Native American Press / Ojibwe News

March 16, 2001
scan of book cover: Esther Horne

Native American inducted to Northwest Minnesota Women's Hall of Fame

by Anne Dunn

Women's History Month 2001 has been a celebration of the triumphs and trials of women. To kick-off the annual event, two women were inducted into the Northwest Minnesota Women's Hall of Fame, Margaret Marvin and Esther Burnette Horne (posthumously honored).

Margaret Marvin began teaching in Warroad after in graduating from Macalester College in 1939. She also served as the librarian. Her work on behalf of the library and bringing library services, including bookmobiles, to rural people of all ages has impacted her community, the region and the state. She has received numerous awards for her library advocacy including the American Library Association's honor as one of the extraordinary advocates of the 20th century and the Minnesota Library Association Certificate of Merit.

Esther Horne, the second NMWHF inductee of 2001, was a member of the Wind River Shoshone nation and spent the last 25 years of her productive life on the White Earth Reservation. She passed away in 1999, at 90 years of age. Her long-time friend Doyle Turner, chairman of the White Earth Reservation Tribal Council, accepted the award in her behalf.

According to Doyle, Esther made a lasting impression on all who knew her. "She had the ability to say the right thing at the right time," he said. "She was our good will ambassador.

"It was not unusual to find a foreign visitor at her home," he continued. "A man came from Sweden just to talk with her. She was a bridge-builder and she taught us to build, too. She was a seeker of peace, reaching across the ocean in friendship, she shared her vision of hope for humanity."

Esther graduated from Haskell Institute in 1929 and took classes in numerous colleges in the US. She taught in the BIA educational system, in boarding school in Oklahoma and the Wahpeton Indian School in North Dakota.

She received many honors, including Master Teacher for the BIA and the Distinguished Service Award from the Department of the Interior. In 1965, after more than 30 years of teaching, she retired to Naytahwaush. She then served northern Minnesota as advisor, mentor, teacher and cultural bridge-builder through the region's schools, churches, and tribal organizations concerned with the education of Anishinabe children.

She authored a booklet on the oral traditions of her great-great grandmother, Sacajawea, and co-authored a book about herself entitled "Essie's Story: The Life and Legacy of a Shoshone Teacher". Both of which make important contributions to American Indian history. In addition, she was named Outstanding American Indian Elder of the Minnesota Indian Education Association in 1989.

"Essie's Story" was written in two parts. The first part is written entirely by anthropologist Sally McBeth. The main part of the books a collaboration presented by both authors. The format is chronological and begins with Sacajawea.

Esther writes of her experiences in an Indian Residential School, which became her extended family. Her story continues into her married and professional life. It ends with a discussion on issues related to the conflicting perceptions between historians and the native oral traditions regarding the life and death of Sacajawea.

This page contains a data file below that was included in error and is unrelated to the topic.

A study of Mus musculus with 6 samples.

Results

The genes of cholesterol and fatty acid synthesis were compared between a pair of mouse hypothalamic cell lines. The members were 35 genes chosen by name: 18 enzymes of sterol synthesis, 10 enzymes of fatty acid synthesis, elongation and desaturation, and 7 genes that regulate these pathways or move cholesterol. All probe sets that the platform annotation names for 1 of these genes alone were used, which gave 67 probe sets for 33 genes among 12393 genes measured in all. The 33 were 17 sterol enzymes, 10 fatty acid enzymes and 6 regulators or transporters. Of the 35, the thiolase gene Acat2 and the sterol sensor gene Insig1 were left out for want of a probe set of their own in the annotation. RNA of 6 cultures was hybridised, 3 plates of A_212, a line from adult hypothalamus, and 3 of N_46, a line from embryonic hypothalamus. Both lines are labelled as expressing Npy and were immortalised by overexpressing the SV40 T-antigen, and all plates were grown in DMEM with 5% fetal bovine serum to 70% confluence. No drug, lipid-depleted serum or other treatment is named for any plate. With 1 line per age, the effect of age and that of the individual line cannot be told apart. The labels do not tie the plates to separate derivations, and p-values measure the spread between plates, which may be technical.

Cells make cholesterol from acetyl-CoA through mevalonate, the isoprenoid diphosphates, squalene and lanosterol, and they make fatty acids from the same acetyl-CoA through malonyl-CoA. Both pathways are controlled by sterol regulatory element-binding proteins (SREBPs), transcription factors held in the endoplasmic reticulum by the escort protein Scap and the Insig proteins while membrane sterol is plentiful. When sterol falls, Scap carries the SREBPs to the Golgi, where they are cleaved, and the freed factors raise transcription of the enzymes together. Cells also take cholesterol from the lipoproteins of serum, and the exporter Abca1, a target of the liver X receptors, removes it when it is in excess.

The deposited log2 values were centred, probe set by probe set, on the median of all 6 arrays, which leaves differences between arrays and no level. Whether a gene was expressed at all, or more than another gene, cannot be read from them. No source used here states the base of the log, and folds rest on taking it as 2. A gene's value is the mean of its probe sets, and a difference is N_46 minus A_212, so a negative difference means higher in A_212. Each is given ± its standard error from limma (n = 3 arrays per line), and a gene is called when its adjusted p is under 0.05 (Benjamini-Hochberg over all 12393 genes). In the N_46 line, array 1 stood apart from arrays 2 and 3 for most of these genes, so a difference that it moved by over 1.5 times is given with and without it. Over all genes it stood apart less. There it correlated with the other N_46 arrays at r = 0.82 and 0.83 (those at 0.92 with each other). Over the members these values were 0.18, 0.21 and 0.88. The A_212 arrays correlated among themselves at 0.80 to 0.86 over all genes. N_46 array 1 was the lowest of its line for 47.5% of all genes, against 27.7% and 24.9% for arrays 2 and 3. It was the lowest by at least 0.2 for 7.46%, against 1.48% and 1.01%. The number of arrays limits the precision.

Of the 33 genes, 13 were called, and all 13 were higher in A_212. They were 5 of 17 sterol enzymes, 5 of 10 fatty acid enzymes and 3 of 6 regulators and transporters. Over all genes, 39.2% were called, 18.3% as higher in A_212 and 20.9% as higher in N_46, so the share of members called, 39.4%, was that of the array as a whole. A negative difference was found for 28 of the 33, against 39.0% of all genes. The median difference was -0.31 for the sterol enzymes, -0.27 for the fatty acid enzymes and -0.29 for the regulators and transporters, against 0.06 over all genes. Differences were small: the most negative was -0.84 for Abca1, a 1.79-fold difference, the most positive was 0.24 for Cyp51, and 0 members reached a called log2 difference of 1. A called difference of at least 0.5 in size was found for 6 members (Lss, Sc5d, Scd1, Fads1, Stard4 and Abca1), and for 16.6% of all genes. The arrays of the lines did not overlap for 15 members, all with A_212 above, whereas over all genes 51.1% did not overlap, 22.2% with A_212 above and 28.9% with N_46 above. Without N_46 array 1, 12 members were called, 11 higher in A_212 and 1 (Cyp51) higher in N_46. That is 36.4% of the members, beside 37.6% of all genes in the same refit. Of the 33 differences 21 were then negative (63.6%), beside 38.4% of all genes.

According to historian Russell Reid, the spelling of this famous name has been a mater of controversy. In the Hidatsa language, the names should be spelled Tsakakawias, Bird Woman. However, the name was eventually anglicized for easier pronunciation and became Sakakawea. Adding to the confusion is another spelling recently adopted, Sacagawea. The name Sacajawea is Shoshone for Boat Launcher.

When Sakakawea was about 12 years old, she was captured by a party of Hidatsa or Minnetarees who were at that time living in three earthlodge villages on the Knife River in North Dakota. The Shoshone were attacked at Three Forks, Montana. Several Men, women and boys were killed. Some of the children were taken into captivity by the Hidatsa. As was customary, some of them were accepted as members of the tribe.

Some time after her arrival at the Hidatsa village, Sakakawea was acquired by Toussaint Charbanneau, a French trader who resided in the village, and later became his wife.

The Lewis and Clark expedition arrived at the Mandan and Hidatsa villages near the mouth of the Knife River on October 26, 1804. They constructed a fort that was named Fort Mandan on the east side of the Missouri River about three miles below the first Mandan village.

When Lewis and Clark departed to continue their expedition Charbanneau, Sakakawea and Baptiste, their infant son, accompanied them. Although her major contribution to the success of the expedition was not as a guide, she did point out landmarks on the route. It was largely through her efforts that the expedition obtained horses and other assistance from her people, the Shoshone. Her services also included finding food.

On May 14, 1805, she rescued packets or paper, instruments, book, and medicine that were being washed out of one of the boats when it nearly capsized during a sudden storm. According to Clark's journal of October 13, 1805, her presence made the expedition appear more friendly and she became their token of peace.

The Wind River Reservation, the third largest reservation in the US, is located in west-central Wyoming. It originally encompassed 44 million acres but land cessions reduced it to 2,268 acres. It is home to the Eastern Shoshone and Northern Arapahoe.